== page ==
Wednesday, January 05, 2005

Can the Emerging Conversation Become a Movement?

After blogging off and on for a few years, I’ve just about come to the conclusion that blogging is little more than another form of individualism. Think about it. One person post thoughts and links that is important to them. At best a conversation begins among the readers in the form of “comments.” (Admittedly, there is the occasional team blog—but they are far fewer in number than the solo blog). Now, I’m all for conversation, but will the conversation every trickle down to the majority? Let me restate that—will the conversation every trickle down to those who can turn the online emergent conversation into a movement? If so how will that happen? I don’t want to be overly negative but from my experience it appears the ones who need to (and would) sign on to the conversation must first be online reading the conversation. Is that the possible link that is missing in transforming our conversation into a swelling and unstoppable movement?

Fred Peatross asks an important question.


Brother Maynard said...

This is more of a manually-entered TrackBack but I did want to make the comments... which are online here in their full form.

In reality, Emergent may be facing a difficult year of grappling with becoming a movement, what that means, and how to respond to critics - all at once and under a microscope.

Excerpts from my post:

In responding (or not) to criticism, Emergent can continue calling itself a Conversation, but it'll be hard to make that stick for very long if the critics keep calling it a movement. As soon as they feel they can identify a cohesive group moving in a common direction, they'll call it a movement and start reacting. Now, since one can already pre-order, I think we may be there already.

The truth about Emergent as a movement is that it may already be one, in grassroots form — but if this is true, don't tell anyone, since it's best to hold off on the label as long as possible. In reality, that time will probably come later this year, when the phrase, "Rubber, meet Road" will ring out and Emergent will be forced to corporately pilot a destructured movement. In a fishbowl.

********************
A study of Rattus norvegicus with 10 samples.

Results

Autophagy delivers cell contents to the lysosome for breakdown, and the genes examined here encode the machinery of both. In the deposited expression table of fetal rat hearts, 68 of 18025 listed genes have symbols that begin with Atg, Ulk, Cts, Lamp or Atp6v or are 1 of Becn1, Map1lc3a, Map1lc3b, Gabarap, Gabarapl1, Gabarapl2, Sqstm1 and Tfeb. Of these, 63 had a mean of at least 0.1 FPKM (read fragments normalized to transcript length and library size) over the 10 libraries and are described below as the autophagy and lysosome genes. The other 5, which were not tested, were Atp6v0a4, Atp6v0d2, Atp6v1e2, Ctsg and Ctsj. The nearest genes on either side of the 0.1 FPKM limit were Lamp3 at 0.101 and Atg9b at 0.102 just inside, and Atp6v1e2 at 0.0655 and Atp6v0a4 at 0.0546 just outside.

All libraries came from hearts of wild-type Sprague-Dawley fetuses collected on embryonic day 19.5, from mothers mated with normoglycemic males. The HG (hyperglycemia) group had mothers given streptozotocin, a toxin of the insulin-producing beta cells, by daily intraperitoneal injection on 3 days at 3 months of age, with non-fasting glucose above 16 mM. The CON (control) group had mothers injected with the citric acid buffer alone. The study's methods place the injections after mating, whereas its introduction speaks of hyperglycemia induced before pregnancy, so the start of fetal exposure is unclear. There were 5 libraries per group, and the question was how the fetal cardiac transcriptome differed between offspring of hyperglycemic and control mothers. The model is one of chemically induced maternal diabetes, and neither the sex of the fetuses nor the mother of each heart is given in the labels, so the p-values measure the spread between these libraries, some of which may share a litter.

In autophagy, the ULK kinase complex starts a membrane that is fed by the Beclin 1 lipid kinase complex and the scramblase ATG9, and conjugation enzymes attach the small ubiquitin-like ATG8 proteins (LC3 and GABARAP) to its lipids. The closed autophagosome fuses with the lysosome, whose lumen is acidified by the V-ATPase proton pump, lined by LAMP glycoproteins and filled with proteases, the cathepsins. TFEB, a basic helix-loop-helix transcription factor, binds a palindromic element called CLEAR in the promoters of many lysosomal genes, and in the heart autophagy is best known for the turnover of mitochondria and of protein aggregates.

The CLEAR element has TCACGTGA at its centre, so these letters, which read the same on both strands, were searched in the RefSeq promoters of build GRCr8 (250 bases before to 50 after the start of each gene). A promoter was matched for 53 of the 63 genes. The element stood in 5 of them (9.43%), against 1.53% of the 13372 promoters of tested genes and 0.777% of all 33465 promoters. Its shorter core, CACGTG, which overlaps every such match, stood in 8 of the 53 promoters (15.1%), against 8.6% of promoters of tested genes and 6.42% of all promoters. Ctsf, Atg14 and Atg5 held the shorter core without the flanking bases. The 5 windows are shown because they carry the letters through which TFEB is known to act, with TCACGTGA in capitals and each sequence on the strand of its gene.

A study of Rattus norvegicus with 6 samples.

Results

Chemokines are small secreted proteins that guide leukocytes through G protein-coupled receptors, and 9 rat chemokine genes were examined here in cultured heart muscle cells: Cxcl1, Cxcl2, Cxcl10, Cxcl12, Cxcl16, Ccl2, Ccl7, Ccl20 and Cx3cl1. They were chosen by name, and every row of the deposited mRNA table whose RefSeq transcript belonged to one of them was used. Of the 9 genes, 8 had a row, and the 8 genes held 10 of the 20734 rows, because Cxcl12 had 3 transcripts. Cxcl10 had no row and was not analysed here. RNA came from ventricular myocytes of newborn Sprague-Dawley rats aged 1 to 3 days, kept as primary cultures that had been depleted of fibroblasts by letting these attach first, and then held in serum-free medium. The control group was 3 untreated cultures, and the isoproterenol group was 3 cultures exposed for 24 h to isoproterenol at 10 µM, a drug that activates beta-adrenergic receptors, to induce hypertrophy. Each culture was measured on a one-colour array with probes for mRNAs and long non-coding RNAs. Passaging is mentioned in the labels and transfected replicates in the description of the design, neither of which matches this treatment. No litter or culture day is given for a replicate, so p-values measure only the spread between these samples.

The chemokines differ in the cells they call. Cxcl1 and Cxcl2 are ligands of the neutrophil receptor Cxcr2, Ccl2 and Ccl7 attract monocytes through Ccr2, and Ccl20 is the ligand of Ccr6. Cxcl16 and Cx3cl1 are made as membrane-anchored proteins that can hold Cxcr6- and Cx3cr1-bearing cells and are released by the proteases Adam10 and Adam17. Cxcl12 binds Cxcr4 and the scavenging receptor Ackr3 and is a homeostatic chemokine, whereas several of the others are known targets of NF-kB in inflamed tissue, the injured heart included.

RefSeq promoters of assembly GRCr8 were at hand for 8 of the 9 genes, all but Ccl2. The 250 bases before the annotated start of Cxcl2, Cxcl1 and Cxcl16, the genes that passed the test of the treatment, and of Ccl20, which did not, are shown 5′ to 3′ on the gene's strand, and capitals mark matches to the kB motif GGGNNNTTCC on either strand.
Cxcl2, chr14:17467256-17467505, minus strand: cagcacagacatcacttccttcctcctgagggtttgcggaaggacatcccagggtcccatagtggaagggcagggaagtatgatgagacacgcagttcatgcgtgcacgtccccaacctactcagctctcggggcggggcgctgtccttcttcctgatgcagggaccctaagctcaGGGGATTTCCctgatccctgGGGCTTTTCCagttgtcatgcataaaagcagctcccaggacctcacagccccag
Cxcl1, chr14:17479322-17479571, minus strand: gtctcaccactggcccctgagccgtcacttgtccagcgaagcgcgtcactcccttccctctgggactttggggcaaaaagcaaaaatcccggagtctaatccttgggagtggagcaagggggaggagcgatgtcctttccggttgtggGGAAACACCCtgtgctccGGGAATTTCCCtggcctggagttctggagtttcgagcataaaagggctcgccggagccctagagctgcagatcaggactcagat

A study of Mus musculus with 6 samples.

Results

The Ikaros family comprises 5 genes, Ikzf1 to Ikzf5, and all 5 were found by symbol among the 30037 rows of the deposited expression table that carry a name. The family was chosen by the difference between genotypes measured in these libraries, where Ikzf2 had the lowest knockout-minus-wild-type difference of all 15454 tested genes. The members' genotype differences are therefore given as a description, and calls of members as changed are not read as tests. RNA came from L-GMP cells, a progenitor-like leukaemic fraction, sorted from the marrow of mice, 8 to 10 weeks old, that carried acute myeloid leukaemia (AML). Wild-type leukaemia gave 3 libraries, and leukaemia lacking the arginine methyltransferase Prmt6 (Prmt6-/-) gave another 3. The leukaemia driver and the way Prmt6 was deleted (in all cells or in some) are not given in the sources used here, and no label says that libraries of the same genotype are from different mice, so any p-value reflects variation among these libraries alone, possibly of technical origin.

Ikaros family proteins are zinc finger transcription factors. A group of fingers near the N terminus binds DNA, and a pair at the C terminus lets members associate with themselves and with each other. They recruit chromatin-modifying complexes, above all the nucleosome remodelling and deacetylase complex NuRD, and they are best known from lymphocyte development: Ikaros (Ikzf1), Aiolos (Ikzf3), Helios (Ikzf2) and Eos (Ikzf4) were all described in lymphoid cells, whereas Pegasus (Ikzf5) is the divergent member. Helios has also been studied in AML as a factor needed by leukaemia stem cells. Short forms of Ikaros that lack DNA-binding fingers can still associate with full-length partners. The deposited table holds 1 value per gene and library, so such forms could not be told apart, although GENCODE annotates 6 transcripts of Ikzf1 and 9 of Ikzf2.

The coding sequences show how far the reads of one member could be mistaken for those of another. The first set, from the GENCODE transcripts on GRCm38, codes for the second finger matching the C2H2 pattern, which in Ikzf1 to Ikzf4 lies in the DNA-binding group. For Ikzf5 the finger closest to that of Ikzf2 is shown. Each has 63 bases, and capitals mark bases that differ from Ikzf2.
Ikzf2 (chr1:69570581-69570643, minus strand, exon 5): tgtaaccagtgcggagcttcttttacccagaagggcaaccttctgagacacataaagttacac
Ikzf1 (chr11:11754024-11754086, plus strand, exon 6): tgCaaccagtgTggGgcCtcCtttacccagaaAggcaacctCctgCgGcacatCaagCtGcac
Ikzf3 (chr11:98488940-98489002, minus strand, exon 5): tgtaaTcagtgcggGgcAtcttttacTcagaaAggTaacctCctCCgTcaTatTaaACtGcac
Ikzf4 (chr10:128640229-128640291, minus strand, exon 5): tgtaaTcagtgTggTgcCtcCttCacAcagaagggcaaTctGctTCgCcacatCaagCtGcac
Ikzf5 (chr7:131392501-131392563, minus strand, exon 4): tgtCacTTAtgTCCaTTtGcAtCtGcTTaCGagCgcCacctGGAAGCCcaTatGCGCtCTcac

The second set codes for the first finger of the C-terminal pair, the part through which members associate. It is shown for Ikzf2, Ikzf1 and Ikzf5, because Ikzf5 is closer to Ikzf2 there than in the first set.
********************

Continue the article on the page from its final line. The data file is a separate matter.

Emergent won't have a real choice about being dubbed a movement, one way or the other. When it comes though, it'll feel like Saul's armour, and we'll wish we could take it off again.

(more here)

Gratia Vobis et Pax.

Anonymous said...

New book on blogging:

The Krow said...


Interesting insight about blogging still just a form of individualism. I think the need to develop conversation and go beyond individual thought is to develop webforms where enough people join to talk, or there are emergent conferences put on by Emergent Village, so there is some corporate talks but not much. The thing I feel lacking because of this all being a conversation through blogs mostly is formalized thought and mass direction in accepting it. A real definition of what Emergent is. I would enjoy seeing Emergent as a movement.

passthebread said...

For the movement to grow beyond discussion, an evangelical theology must emerge. I have posted on this over the last week and I am getting strong by in from neo-calvinists and others who are both evangelical and interested in re-inventing church. I think we must approach this with more respect for evangelical historical development.

Stephen said...

Hi The Krow,

Yes, there are two paths to movement status and they can overlap. One is relational and the other is via mass media. We see the latter occurring but I think that sustainability and reaching a tipping point will only occur with the former.

Stephen said...

Hi Brad,

I personally agree with you but many emergers would be chary of limiting themselves to "an evangelical theology". My perception is that many of the thoughtleaders are more ecumenical. That being said, my concern is too much of the baby of nearly 2000 of Christian reflection is being thrown out with the bathwater of mere traditionalism.